Harman/Kardon DPR 1005 A/V Receiver and Paradigm Monitor v.4 Series Speaker System
This review brings together two brands that are special to me: Harman/Kardon and Paradigm. When I was a teenager, I bought a Harman receiver with the money I earned running deliveries for the local supermarket. You know how that is: Nothing ever gets close to the thrill of the first one. I wore out several LP copies of Sgt. Pepper and Led Zeppelin II over that 15-watt-per-channel receiver. Much, much later, in the late '90s, I reviewed a set of Paradigm Atoms. Those little speakers sounded surprisingly huge, and, even more importantly, they were a lot of fun. The Atoms lingered in my listening room long after I finished the review, and that's probably the best indication of what separates good speakers from great speakers. For this back-to-the-future review, I paired Harman's DPR 1005 Digital Path Receiver with Paradigm's newly revised Monitor Series v.4 speakers. Looks like a good combination, but let's see.
Harman/Kardon DPR 1005
True to its name, the Digital Path Receiver keeps audio signals in the digital domain from input to output. The concept is cool, but the DPR 1005's seven 70-watt amplifiers generate almost as much heat as a conventional receiver. I traced the source of the warmth to the receiver's two massive power supplies; one drives the left/center/right channels, while the other handles the four surround channels. Maybe that's why the receiver is a whopping 18.8 inches deep. The all-digital diet did manage to help the receiver shed a few pounds, though. The DPR 1005 weighs a svelte 23.1 pounds. Its blue halo volume control, brushed-aluminum and jet-black front panel/display update Harman's always-sharp styling. I don't usually make a big deal about such things, but the ultra-slick, fully backlit remote is a work of art and felt nice and comfy in my hand.
The DPR 1005's surround-processing talents go way beyond the standard Dolby and DTS 5.1/6.1 offerings. It also sports Harman's proprietary Logic 7 and VMAx processors, DTS 96/24, HDCD, Dolby Pro Logic IIx, Dolby Virtual Speaker, and, my favorite new techno bauble, Dolby Headphone. Few $3,000 pre/pros are as well equipped.
Setting up all of those surround modes would be a royal pain if it weren't for the DPR 1005's aptly named Global Bass Manager. Dial in the speaker sizes, crossover points for all of the speakers, and speaker distance/delays for a surround format, say DTS ES, and the Global Bass Manager will duplicate those settings for every source and surround option—including the 7.1 (SACD/DVD-Audio) inputs. The one snag is that the DPR 1005 digitizes its analog inputs to maintain its all-digital integrity. I wish the DPR 1005 also offered a direct bypass for SACD and DVD-Audio, but the good news is that it's one of the very few receivers (or players) that provides full bass management and speaker delays for high-resolution audio formats. The end result is a more-consistently balanced sound with DVD movies and high-resolution audio formats, especially for subwoofer/satellite-based systems that require carefully tuned bass management to sound their best. If you want to get tweaky, turn off the Global Bass Manager and independently set up each source and surround mode.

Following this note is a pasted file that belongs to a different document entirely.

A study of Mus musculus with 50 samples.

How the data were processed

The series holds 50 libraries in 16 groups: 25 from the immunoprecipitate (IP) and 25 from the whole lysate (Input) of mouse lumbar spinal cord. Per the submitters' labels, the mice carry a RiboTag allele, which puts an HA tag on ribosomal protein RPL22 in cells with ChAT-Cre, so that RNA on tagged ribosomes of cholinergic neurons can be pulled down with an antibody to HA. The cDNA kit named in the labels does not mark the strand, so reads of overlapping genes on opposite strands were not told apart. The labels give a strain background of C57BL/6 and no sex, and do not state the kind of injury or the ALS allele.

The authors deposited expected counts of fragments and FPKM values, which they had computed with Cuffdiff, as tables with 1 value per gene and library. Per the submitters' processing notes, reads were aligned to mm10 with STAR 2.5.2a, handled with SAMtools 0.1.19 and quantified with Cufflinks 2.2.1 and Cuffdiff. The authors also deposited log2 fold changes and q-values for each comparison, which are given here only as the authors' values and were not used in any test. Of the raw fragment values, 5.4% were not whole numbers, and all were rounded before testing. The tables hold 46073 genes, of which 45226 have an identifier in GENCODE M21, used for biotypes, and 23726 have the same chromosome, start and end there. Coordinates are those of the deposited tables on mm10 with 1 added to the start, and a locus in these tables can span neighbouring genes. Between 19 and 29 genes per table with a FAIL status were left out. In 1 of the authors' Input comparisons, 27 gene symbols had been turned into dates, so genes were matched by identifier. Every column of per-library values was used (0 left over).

Auto set-up and calibration can be a useful feature for home theater newbies, if they don't mind futzing around with a separate microphone. Harman has a better idea. The DPR 1005's mike is integrated into the remote control—so it's easier to use. The catch is, Harman's EzSet auto-calibration system only balances the speaker volume levels. Most other brands (and some of Harman's newer A/V receivers) cover a lot more ground: They determine speaker size, set subwoofer crossover points, set delays, and provide room equalization. On the video connectivity side, I was surprised to note that the DPR 1005 doesn't convert composite and S-video sources to component video.
Multiroom functionality is getting lots of attention in the feature-driven receiver market, so Harman's design engineers endowed the DPR 1005 with a wide variety of options. It's fully compatible with home-automation systems via its RS-232 port. A-BUS capability offers a somewhat simpler multizone approach, and there's a second remote control for the second zone. If you're content with 5.1 surround, you can reassign channels six and seven to deliver stereo sound to another room.
• This 21st-century 7.1-channel A/V receiver advances the all-digital state of the art
• Bass management covers all sources, including SACD and DVD-Audio
Paradigm Monitor v.4 Series
The Monitor Series speakers originally surfaced eight years ago, and Paradigm has revised them a number of times. These fourth-generation models feature upgraded crossover parts and tweeters that Paradigm deployed in their more-expensive Studio Series speakers. The other and more-visible change to the Monitor Series is a snazzy, brushed-platinum finish that complements the styling of current flat-screen TVs. Rosenut, light cherry, and black ash vinyl-wrap finishes are also available. The Monitor Series features four towers, three bookshelf models, a center speaker, and surround speakers. For this review, I went for the elegantly proportioned Monitor 11 towers, the CC-370 center, and the ADP-370 surrounds. Paradigm's PW-2200 expertly dispatched the subwoofing duties.
The Monitor 11 tower, CC-370, and ADP-370 share identical 6.5-inch copolymer drivers and 1-inch titanium dome tweeters. The system's timbre-matching is excellent, as is its coherency; all of the Monitors speak with one voice. The Monitor 11 adds three 6.5-inch carbon-infused woofers to provide low-end muscle.